Artificial intelligence (AI), among the emerging technologies, remains at an initial stage within the aviation business. To date, we can see AI being implemented by airlines for facial recognition, customer Q&A, baggage check-in, factory operation optimization, and aircraft fuel optimization.
But, AI has far more potential than these use cases. It can fully revolutionize the way airlines do business.
Here are some cases that use Artificial intelligence (AI)
1. Crew Management
Every day airline crew managers have to manage complex networks of people, as well as flight attendants, pilots, and engineers. Rescheduling any of the crew members can be cumbersome. Multiple factors affect the decision of a manager, like availability, credibility, certifications, and qualifications of the crew member.
Jeppesen, a Boing company, has solved this problem using AI. Their AI-based crew rostering system considers all the aspects mentioned above and manages crew members with efficiency.
2. Flight Maintenance
Aircraft maintenance is a tough task, and if done incorrectly, it can cost a fortune to the airlines. It requires extensive planning and scheduling. Unplanned craft maintenance may result in flight delays or perhaps cancellation. experts predict that AI if implemented correctly, can save millions of dollars.
AI-based predictive maintenance is slowly becoming a trend in the global aircraft maintenance market. it’ll facilitate the maintenance engineers to predict failures before they really happen. Delta is planning to reduce its number of flight cancellations via AI-based predictive maintenance. according to IBM Watson’s TV commercial, AI also will guide the on-field repairing employees and tell them their action items.
3. Ticketing Systems
Air ticket costs are calculated based on multiple parameters. Such as oil prices, flight distance, purchase date, competition, seasonality, the brand value of the airline, and more. Some parameters change daily, such as oil costs, which lead to a continuous change in the ticket price.
The AI algorithm is the ultimate answer to this problem. it’ll facilitate airlines to calculate the most efficient costs for every flight. Which will help them remain profitable and provide competitive pricing to their customers?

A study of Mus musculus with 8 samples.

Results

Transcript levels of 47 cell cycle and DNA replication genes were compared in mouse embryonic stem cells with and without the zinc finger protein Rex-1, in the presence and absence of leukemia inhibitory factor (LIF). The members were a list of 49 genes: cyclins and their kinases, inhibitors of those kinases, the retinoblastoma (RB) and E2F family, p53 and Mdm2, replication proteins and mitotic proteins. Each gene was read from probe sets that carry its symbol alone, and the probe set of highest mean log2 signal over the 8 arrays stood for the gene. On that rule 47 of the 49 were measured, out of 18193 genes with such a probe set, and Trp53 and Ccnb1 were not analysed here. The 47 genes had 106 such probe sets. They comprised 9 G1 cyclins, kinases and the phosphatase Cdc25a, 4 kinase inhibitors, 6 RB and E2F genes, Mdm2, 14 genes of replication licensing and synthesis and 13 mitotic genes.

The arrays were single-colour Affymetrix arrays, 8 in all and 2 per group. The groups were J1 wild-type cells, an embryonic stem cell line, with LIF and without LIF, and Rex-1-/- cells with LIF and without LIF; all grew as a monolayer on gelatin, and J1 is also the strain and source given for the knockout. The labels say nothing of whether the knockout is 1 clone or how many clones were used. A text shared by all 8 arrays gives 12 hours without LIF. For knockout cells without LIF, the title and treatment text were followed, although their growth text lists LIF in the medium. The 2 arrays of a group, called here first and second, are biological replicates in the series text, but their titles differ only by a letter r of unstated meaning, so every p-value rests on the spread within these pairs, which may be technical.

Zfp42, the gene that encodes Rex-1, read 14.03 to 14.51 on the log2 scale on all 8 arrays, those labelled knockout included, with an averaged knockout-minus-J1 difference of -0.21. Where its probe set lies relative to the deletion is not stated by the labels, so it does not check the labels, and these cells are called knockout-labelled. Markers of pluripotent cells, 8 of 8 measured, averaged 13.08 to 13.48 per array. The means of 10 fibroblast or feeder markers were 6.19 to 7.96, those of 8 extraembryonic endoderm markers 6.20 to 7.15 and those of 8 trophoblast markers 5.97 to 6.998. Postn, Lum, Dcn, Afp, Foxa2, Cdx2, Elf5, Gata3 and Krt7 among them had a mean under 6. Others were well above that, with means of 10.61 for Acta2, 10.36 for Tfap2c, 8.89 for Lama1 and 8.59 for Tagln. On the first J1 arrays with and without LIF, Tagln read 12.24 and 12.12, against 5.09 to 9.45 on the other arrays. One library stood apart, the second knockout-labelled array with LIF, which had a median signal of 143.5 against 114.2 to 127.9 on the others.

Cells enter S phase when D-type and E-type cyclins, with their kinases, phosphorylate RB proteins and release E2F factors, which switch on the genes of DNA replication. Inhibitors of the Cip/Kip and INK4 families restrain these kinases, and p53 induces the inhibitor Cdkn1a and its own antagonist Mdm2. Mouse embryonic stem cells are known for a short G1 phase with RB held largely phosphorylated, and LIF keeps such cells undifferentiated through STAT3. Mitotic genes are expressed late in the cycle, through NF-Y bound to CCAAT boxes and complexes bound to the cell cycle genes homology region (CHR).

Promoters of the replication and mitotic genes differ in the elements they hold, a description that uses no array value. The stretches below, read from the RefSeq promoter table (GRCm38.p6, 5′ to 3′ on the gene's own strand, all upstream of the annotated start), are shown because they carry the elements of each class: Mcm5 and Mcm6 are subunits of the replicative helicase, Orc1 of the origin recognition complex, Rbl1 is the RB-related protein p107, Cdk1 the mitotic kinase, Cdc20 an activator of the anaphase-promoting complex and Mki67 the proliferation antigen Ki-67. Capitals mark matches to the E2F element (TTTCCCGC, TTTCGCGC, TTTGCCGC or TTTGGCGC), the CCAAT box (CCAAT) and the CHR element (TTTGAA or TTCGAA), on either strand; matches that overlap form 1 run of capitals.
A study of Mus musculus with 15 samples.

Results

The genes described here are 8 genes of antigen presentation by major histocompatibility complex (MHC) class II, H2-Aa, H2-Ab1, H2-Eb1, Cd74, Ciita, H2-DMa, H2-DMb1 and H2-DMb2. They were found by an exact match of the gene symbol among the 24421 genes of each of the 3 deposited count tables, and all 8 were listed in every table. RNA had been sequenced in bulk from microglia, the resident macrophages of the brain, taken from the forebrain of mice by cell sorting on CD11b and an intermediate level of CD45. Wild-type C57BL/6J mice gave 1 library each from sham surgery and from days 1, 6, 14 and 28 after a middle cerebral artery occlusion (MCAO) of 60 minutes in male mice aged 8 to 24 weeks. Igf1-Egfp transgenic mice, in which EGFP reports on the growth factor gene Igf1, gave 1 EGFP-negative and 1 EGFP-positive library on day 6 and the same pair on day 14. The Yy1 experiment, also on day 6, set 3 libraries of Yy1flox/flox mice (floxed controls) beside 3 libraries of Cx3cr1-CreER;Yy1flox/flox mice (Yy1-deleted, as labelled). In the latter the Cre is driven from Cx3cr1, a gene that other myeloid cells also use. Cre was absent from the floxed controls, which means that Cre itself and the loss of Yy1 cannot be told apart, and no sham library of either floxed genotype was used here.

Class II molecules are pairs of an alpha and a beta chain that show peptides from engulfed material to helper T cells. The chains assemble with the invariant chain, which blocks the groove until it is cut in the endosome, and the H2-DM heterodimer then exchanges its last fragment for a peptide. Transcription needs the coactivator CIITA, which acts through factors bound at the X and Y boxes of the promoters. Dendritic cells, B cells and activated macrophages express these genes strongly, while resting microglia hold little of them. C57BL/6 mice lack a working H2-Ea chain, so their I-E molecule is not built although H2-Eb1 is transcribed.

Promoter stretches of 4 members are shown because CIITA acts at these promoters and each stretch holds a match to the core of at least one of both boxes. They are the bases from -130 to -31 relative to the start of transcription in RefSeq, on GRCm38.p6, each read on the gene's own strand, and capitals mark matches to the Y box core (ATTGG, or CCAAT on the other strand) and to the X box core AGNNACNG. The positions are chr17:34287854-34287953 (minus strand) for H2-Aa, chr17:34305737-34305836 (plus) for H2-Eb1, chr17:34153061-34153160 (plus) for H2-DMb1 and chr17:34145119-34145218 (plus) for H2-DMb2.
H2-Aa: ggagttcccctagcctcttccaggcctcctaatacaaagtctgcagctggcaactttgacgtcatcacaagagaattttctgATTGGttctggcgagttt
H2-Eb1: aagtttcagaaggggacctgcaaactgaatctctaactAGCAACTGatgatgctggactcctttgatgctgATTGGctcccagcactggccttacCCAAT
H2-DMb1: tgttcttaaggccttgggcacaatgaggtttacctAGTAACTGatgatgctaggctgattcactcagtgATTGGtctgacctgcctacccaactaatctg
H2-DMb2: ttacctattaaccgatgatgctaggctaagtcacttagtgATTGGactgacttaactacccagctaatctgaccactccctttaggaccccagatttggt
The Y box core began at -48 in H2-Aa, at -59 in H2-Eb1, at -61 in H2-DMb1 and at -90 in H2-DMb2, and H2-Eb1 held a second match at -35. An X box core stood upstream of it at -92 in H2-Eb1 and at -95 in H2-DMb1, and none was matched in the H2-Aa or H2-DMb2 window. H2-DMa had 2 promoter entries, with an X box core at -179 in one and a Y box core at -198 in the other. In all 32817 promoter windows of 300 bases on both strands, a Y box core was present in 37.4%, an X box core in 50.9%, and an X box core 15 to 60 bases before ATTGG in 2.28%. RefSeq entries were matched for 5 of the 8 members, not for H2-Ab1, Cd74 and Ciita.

4. Passenger Identification
Delta Airlines announced in May 2017, that they’re getting to invest $600,000 to make self-service bag drop machines and kiosks for passenger identification.
The kiosk will have an integrated camera that will take photos of the passenger at the time of check-in and match it with their passport. Both the face recognition and self-service baggage drop-off will leverage machine learning algorithms to perform their tasks.
5. Customer Service
United Airlines announced its collaboration with Amazon’s AI, Alexa, in Sep 2017. They designed a skill for Alexa named “United.” Once the customers add the United skill, they can ask any common question through voice commands, such as:
- “Alexa, ask United the status of flight 595.”
- “Alexa, ask United to check me in for my flight.”
- “Alexa, raise United if flight 675 has WiFi.”
Alexa’s natural language makes customers feel as if they’re talking to a human sales rep.
6. Simplify Communication
Air traffic control (ATC) is one of the most crucial aspects of all flights. in the case of international flights, the communication between a pilot and a traffic controller is usually cross-lingual and cross-cultural.
Although both of them use English for communication, their accent could be different, which can create confusion. For instance, it can be difficult for an Indian pilot to understand the heavily accented English of a European controller. Moreover, the communication channels of ATCs are noisy, which makes it more difficult for the pilot to follow.
Thanks to Airbus’s AI-Gym program, they have been able to develop a machine learning algorithm. That will not only clear the noise in real-time but also provide a full transcript of the controller’s audio.